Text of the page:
How to Determine the Trust Basis of Assets

Basis is the non-taxable portion of a trust asset's value.
Basis is the non-taxable portion of a trust asset's value. (Image: Nastco/iStock/Getty Images)

Basis is the amount you exclude from the value of assets when calculating capital gains or losses. It is usually the amount you invested in the asset. Since you don’t pay for inherited property, the Internal Revenue Service sets guidelines for figuring the basis. However, there’s no single method for determining the trust basis of assets because IRS rules vary depending on the type of trust. You need to check the applicable rules with the trustee before trying to determine the trust basis.

Basis, Trusts and Assets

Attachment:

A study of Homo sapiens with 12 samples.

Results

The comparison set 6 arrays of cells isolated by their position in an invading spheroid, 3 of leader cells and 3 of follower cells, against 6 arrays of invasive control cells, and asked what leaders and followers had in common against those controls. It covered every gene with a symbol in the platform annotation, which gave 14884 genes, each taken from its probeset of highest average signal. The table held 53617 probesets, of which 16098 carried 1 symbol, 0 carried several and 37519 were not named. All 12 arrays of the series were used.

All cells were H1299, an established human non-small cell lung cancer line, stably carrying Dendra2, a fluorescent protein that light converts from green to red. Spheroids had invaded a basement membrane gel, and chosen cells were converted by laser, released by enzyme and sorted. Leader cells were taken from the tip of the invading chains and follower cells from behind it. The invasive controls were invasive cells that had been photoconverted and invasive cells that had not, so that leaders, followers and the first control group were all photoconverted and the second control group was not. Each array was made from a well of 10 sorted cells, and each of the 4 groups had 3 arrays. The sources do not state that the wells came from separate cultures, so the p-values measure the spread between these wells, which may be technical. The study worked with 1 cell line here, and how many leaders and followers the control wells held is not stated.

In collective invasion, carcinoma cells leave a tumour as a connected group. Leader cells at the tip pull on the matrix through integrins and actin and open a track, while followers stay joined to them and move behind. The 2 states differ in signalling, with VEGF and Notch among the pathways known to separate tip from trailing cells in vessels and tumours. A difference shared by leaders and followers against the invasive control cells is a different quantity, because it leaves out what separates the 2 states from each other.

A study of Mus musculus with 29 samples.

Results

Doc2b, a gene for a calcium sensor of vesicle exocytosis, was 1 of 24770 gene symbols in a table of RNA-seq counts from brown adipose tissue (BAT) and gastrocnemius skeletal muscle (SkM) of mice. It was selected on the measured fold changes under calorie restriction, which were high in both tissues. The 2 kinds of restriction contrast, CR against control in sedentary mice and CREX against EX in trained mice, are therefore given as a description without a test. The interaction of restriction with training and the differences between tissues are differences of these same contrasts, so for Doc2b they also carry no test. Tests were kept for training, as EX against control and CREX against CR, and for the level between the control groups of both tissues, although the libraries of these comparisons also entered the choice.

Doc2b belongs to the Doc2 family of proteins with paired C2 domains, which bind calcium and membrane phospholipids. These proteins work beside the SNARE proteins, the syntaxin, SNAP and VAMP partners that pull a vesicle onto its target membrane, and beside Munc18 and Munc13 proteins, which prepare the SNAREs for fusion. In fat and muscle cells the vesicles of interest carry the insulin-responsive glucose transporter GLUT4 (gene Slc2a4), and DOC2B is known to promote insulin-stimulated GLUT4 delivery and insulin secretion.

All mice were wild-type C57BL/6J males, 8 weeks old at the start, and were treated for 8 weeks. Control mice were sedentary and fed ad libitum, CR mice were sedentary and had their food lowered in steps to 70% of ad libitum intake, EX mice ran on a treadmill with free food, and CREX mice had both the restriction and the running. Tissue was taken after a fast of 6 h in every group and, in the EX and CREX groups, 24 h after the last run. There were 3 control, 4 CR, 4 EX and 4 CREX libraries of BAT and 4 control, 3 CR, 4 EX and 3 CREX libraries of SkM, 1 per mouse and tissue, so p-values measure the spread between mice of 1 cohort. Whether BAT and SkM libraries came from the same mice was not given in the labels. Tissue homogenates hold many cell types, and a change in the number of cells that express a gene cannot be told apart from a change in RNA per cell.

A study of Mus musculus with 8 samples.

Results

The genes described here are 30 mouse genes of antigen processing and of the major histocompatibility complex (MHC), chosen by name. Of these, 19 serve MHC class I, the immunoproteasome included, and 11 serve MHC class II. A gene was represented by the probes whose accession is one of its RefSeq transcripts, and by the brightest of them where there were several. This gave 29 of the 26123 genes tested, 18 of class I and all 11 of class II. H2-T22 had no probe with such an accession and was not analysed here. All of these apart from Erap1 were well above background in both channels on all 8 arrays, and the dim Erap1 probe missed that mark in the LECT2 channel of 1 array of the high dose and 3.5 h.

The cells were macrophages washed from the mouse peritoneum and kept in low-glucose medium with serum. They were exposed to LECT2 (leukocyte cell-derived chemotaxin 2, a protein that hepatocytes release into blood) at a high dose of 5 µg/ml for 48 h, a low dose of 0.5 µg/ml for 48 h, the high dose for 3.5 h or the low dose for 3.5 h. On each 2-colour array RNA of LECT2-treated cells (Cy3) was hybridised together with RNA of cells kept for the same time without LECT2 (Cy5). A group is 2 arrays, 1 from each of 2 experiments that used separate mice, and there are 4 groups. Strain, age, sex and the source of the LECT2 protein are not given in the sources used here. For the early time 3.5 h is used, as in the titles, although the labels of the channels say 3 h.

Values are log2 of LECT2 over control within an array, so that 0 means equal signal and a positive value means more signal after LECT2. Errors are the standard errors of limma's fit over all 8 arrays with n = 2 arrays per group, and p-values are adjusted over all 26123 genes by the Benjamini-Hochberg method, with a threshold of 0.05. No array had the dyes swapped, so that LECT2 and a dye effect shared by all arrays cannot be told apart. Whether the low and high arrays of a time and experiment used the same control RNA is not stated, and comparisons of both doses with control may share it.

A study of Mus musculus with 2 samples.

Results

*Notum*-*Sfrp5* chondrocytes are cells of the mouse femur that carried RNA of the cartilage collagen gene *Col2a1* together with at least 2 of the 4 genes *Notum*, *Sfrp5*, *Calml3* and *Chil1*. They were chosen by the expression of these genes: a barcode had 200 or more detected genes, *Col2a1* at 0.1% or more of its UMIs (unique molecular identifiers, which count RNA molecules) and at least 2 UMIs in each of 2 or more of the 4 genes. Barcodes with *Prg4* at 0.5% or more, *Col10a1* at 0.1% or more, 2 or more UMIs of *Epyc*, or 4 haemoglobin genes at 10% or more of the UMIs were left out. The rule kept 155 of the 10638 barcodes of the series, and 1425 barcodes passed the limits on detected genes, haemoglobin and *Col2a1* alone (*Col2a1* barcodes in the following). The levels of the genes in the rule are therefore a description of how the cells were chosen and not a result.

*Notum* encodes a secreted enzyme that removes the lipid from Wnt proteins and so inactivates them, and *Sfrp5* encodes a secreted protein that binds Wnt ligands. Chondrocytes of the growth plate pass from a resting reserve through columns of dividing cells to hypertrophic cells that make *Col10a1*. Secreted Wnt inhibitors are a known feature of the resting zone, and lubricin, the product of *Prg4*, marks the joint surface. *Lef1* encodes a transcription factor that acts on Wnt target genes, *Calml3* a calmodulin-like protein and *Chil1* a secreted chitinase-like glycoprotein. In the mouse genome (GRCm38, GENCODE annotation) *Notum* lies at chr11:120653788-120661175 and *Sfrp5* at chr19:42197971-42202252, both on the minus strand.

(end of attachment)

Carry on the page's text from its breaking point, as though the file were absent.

When assets are inherited, the rule is that the basis becomes the asset’s value on the date of death. This rule usually covers assets held in a trust. Adjusting the basis is referred to as "stepping up" or "stepping down" the basis. Suppose a share of stock cost $10 when originally purchased, but is worth $50 on the date of death. The basis becomes $50. Determining the new basis may be as simple as looking up a stock price. Other assets, such as art or real estate, may require a professional appraisal. With some trusts, the basis is not always adjusted. For example, with a bypass trust a surviving spouse receives income from the trust as long as she lives and the assets pass to heirs upon her death. The basis of trust assets is stepped up or down when the first spouse dies, but is not adjusted again when the surviving spouse passes away.